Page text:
Not everybody loves Dungeons&Dragons Insider, but it’s hard to deny that its Character Builder has been a roaring success. I know I have become an addict to quick, automated character generation, and I shudder at the thought of playing with hand-made sheets for anything other than level 1 games. With this in mind, the latest official announcement about the future of DDI tools will have far-reaching consequences for many fans: the days of Character Builder as a desktop application are over because, starting November 16th, it will receive a major facelift and become completely web-based.
The hard truth.
Regardless of other advantages of going online, I can think of a single real reason for this change: money. The business model of DDI had so far been extremely friendly (some could say exploitable) for consumers, as it was a theoretically subscription-based product that nevertheless left most of its components working even after you stopped playing. As an ex-subscriber, you kept access to all old Dungeon and Dragon magazines (provided you had saved the pdfs), and had a fully functional character editor. Only the Rules Compendium went away, but that is far from the most appealing element. Sure, you wouldn’t be getting the latest updates... but you’d always be able to get a 1-month subscription every 3 to 6 months (or even once a year, if you didn’t mind waiting) and keep mostly up to date for a fraction of the regular cost.
I am not arguing whether this was right or wrong - clearly, it was very convenient for players, but not so much for Wizards of the Coast. And it’s gone now.
What’s it like?
You can find the official announcement here, along with a bunch of screenshots and links to the FAQ. In essence, the Character Builder as we know it (and Monster Builder at a later date) will disappear, and in its place there will be a web application with pretty much the same functionality (minus the ability to work without an internet connection and a DDI subscription). The GUI has received an overhaul for the occasion, and it looks pretty good, so I’m hopeful that the user experience will improve. All character data will now be stored on the server, which will be a boon for those who, like me, have to keep track of characters generated in different places.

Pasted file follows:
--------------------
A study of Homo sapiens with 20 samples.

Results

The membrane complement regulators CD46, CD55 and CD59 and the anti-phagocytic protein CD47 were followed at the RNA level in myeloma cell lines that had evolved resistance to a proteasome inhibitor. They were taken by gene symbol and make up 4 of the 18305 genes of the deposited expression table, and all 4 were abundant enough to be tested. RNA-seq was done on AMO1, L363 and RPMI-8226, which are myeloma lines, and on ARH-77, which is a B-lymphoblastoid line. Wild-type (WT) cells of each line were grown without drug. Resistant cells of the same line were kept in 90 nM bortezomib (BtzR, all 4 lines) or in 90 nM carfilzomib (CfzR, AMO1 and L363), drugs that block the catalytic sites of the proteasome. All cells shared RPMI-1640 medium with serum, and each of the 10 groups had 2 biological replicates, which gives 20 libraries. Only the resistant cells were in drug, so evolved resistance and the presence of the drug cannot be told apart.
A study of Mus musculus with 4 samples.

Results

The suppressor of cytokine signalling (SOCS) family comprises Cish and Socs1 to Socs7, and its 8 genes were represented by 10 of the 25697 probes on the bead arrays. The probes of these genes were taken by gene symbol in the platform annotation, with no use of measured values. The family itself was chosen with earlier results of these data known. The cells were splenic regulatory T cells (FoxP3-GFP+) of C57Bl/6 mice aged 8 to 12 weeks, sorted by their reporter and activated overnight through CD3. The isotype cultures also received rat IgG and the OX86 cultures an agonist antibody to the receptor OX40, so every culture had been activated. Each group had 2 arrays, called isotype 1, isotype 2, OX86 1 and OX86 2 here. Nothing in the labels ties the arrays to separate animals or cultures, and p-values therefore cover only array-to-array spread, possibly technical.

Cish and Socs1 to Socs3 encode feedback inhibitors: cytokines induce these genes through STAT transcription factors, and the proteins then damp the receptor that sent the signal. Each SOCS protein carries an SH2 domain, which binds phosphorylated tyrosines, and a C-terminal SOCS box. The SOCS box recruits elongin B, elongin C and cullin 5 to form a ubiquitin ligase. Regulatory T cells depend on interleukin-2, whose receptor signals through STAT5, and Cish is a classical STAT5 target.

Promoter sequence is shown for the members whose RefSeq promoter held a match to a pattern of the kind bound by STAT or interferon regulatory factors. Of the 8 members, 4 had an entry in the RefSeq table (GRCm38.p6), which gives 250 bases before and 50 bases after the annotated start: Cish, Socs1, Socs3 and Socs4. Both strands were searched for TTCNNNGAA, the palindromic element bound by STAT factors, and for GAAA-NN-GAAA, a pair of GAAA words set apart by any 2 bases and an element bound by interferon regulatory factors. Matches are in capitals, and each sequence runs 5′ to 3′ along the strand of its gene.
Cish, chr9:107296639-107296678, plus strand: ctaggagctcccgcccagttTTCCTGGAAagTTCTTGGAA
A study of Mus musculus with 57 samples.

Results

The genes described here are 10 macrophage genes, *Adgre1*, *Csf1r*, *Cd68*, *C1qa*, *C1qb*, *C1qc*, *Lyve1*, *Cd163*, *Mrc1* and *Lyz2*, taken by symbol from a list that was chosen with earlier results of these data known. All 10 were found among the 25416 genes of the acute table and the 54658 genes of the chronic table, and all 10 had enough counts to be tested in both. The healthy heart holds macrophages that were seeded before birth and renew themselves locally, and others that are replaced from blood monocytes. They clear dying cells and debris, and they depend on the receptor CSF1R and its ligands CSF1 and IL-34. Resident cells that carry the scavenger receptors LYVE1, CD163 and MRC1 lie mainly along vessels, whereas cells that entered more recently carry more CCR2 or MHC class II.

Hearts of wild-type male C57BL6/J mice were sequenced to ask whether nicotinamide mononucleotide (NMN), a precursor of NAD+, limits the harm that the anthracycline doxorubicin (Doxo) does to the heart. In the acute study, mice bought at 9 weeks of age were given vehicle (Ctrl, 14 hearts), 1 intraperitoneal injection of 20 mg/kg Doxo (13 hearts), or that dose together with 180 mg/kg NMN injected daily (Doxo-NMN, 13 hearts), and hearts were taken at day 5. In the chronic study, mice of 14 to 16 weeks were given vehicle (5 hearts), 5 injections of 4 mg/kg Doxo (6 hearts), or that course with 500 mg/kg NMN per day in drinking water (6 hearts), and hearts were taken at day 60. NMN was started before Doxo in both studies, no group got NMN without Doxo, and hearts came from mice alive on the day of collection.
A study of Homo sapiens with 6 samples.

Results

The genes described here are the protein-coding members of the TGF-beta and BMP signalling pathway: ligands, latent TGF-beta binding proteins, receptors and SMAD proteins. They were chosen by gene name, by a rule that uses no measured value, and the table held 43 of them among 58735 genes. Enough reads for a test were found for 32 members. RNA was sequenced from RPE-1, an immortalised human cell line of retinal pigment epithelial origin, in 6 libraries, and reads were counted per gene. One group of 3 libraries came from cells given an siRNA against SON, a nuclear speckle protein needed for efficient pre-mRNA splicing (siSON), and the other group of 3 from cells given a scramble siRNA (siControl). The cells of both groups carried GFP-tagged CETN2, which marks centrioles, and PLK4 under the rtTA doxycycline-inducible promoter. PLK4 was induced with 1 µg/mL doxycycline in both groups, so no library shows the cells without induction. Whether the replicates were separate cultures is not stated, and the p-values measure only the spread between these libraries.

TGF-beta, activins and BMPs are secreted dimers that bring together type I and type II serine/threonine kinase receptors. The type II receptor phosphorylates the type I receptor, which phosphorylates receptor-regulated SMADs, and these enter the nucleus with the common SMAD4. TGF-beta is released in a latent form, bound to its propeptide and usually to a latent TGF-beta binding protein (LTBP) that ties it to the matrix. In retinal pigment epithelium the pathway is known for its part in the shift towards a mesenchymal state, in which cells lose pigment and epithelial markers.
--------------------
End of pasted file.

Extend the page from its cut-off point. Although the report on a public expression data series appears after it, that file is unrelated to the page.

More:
The technology it will be based on is Microsoft Silverlight, so you’ll be able to access it from Macs as well as Windows PCs. No details have been given about mobile phone compatibility, which might be possible on certain devices - but not on iPhones. There is no Linux support, either, though I’d be surprised if some kind of workaround didn’t exist for that.
With what I have explained so far, there is plenty of material to keep flamewars all over the Internet busy for a good while. But there is one more detail that is likely to infuriate the skeptics, and it’s related with the content updates. The new Builder will go live on November 16th, and it will include material from all books released until October, including Heroes of the Fallen Lands and the much awaited Dark Sun Campaign Setting. Where is the deal, then? Simultaneously, support for the current, offline Character Builder will cease, so the desktop application will never get Essentials or Dark Sun. The only way to build characters from those books, other than by hand, will be by being a subscriber when the new service comes out. So forgetting about DDI and sticking to the old builder won’t be completely possible - I know of many people who won’t miss the Essential books, but Dark Sun has been extremely popular, and its absence will definitely be painful.
It will be interesting to see how the issue develops in the following months. DDI has now become an all-or-nothing proposition, as there is little point in doing short-term subscriptions anymore - either you intend to be a subscriber for as long as you play 4E, or DDI will hold little value for you. Clearly, there will be a lot of very angry people who will consider this as an act of war and won’t ever touch DDI again, but also a number of occasional subscribers who will choose to go full-time in order to enjoy the full package. I am not sure these numbers will favor Wizards of the Coast, but we also have to take into account whatever new players are brought to the game by the Essentials line. To them, there won’t be an aggravating precedent of an offline Builder, so perhaps they will be more receptive to the new tools.
As for myself, I have to say I renewed my subscription (for a full year) when it ran out last week, so I can’t say the change will affect my economy in the short term. I generally like the idea, as I think the new interface should be an improvement, and I see value in storing all my characters online. But we’ll see.
One last advice, though. Even if you are downright furious for this turn of events, and consider that Wizards of the Coast has somehow betrayed you, I think you should think hard about it, and see if you have the latest version of the good old, offline Character Builder. Because if you don’t, it will only be available for download until the 16th, and even if it lacks the very latest books, it’s still a damn good tool, and well worth a month’s subscription rate and bit of wounded pride.
An intriguing side-effect
As an aside, there is a very intriguing consequence of the shift to online tools, in that developers have commented on the potential use of data mining to identify problematic game elements. So, if too many or too few players choose a certain option, R&D will take notice and take it into account when releasing new content, presumably improving balance overall, and likely using it for marketing purposes. This shouldn't raise privacy concerns, though - according to them, they only get access to the raw data, but not the identity of the users generating it.